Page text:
A multibillion-dollar project that will tap vast oil reserves off Newfoundland for U.S. refineries has finally overcome a series of delays and will be launched soon, industry sources said Tuesday.
The $4.4-billion (C$5.1 billion) Hibernia oil project has been beset by doubts, squabbles and delays, but oil companies and the federal and Newfoundland governments are reportedly resolving final details and close to a deal.
The pact will be signed next week at the latest and construction will begin this month, the sources said.
Production at Hibernia--which was discovered in 1979 and is believed to contain between 525 million and 890 million barrels of oil--will begin in 1996.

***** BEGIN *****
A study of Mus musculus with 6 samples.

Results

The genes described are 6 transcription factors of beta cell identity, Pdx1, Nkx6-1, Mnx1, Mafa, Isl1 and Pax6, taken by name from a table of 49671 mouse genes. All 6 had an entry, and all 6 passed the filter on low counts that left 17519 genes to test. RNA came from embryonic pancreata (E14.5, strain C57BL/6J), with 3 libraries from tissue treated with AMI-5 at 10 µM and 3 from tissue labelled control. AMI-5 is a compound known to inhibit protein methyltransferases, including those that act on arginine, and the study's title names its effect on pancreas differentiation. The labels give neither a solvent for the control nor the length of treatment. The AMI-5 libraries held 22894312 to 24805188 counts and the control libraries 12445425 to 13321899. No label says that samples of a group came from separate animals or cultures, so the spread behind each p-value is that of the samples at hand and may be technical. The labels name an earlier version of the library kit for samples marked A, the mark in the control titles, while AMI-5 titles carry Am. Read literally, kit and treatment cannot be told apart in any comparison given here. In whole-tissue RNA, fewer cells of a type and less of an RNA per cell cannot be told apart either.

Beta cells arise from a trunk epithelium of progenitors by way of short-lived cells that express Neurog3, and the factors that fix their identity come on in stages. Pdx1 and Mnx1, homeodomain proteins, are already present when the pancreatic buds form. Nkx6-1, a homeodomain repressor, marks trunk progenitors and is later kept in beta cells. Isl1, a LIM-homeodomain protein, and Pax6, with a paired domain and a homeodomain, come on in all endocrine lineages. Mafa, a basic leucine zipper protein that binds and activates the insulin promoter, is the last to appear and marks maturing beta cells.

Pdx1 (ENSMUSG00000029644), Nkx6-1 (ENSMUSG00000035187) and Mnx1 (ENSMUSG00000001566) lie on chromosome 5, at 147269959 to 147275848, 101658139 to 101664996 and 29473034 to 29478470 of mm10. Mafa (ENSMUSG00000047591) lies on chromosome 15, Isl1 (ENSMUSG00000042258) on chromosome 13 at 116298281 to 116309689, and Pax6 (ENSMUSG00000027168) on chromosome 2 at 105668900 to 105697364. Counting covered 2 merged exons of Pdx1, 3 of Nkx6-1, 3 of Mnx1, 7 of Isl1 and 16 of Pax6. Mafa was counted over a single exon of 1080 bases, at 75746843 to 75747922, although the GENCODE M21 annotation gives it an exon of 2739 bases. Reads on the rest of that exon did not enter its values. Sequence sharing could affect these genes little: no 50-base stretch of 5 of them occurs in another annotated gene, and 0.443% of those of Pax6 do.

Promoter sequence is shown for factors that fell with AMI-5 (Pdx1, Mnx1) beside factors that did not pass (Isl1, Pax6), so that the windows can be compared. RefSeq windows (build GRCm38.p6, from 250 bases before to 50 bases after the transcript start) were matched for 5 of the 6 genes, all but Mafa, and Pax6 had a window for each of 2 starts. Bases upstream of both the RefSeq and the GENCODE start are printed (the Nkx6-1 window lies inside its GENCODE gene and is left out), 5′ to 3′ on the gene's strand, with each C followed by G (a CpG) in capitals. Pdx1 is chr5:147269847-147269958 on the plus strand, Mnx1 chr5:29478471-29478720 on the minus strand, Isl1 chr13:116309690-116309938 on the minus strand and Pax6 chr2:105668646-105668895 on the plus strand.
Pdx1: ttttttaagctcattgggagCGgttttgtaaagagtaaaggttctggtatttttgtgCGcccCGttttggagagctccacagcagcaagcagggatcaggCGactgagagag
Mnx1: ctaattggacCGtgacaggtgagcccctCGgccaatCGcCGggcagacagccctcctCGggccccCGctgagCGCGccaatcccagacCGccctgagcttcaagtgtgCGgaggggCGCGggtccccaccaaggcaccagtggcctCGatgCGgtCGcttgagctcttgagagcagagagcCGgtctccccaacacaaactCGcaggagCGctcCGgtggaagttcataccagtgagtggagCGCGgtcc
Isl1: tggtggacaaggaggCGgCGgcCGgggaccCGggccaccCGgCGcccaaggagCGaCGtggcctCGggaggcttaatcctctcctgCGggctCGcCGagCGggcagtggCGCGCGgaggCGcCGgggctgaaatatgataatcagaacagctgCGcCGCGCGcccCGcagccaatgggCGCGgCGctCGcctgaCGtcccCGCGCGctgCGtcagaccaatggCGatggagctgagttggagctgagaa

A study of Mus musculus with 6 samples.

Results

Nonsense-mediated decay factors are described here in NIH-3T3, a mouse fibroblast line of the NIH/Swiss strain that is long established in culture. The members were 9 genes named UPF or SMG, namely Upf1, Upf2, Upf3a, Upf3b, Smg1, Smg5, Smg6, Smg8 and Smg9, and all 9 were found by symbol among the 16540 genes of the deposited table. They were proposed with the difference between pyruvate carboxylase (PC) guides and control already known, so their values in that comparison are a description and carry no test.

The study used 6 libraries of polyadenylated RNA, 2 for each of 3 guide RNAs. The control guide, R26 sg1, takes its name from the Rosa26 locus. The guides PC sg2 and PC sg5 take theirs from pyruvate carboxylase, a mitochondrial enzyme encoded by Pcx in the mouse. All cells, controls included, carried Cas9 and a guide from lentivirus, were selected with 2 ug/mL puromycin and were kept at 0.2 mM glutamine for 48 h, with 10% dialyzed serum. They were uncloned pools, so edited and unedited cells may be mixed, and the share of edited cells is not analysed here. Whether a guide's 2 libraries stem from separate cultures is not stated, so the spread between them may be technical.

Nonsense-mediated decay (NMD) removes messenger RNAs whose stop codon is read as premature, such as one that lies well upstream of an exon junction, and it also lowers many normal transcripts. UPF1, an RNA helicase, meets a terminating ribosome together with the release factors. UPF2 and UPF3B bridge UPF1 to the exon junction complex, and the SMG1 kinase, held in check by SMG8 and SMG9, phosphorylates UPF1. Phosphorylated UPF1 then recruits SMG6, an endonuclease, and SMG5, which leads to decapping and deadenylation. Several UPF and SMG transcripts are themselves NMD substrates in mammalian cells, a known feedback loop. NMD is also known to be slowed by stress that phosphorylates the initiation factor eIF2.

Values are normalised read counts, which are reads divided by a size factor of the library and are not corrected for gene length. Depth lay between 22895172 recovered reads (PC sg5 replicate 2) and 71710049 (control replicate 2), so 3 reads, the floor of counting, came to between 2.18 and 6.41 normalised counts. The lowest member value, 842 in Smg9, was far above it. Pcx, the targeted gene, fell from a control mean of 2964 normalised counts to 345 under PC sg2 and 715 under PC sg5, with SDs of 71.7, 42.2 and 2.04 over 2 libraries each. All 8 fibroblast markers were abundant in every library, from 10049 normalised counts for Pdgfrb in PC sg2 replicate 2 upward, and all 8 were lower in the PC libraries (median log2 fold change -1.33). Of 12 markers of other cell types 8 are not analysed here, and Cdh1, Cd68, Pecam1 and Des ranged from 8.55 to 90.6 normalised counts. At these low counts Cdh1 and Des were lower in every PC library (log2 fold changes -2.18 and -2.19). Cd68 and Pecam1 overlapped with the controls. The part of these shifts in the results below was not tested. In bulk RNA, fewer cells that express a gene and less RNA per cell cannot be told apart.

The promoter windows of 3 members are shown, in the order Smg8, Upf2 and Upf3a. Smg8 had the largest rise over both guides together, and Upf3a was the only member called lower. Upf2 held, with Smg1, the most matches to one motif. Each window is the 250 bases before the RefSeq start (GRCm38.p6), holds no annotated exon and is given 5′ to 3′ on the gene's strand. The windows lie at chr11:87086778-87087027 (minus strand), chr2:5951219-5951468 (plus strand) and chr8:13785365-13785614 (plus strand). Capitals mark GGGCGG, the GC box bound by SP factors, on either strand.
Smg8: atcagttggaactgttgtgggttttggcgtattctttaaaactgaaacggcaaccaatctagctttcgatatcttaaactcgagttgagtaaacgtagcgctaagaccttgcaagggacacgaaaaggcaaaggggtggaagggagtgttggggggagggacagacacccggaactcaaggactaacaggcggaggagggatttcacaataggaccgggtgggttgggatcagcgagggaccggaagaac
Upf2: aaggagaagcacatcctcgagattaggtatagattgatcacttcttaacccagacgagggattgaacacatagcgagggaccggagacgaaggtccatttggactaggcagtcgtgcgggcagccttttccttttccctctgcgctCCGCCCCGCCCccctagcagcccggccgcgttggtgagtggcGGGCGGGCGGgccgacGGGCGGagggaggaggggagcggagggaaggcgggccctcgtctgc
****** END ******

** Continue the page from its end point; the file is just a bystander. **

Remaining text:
Negotiations over government aid and Newfoundland's participation in construction had in part delayed the project, which is designed to produce 110,000 barrels of oil a day for refining on the East coast of the United States.
Mobil Corp.'s Canadian unit holds a 28.1% stake in Hibernia, Gulf Canada Resources Ltd. owns 25%, government-owned Petro-Canada Inc. has another 25% and Chevron Corp.'s Canadian unit holds 21.9%.
Energy analysts were skeptical that the project would go ahead because it was not expected to be viable unless oil fetched $25 a barrel.
When the project was announced ahead of the November, 1988, elections--with generous federal funding seen as a blatant attempt to buy votes in the East--oil prices were well below $20 a barrel.
But the final agreement comes when oil prices have been driven above $30 a barrel by Iraq's Aug. 2 invasion of Kuwait.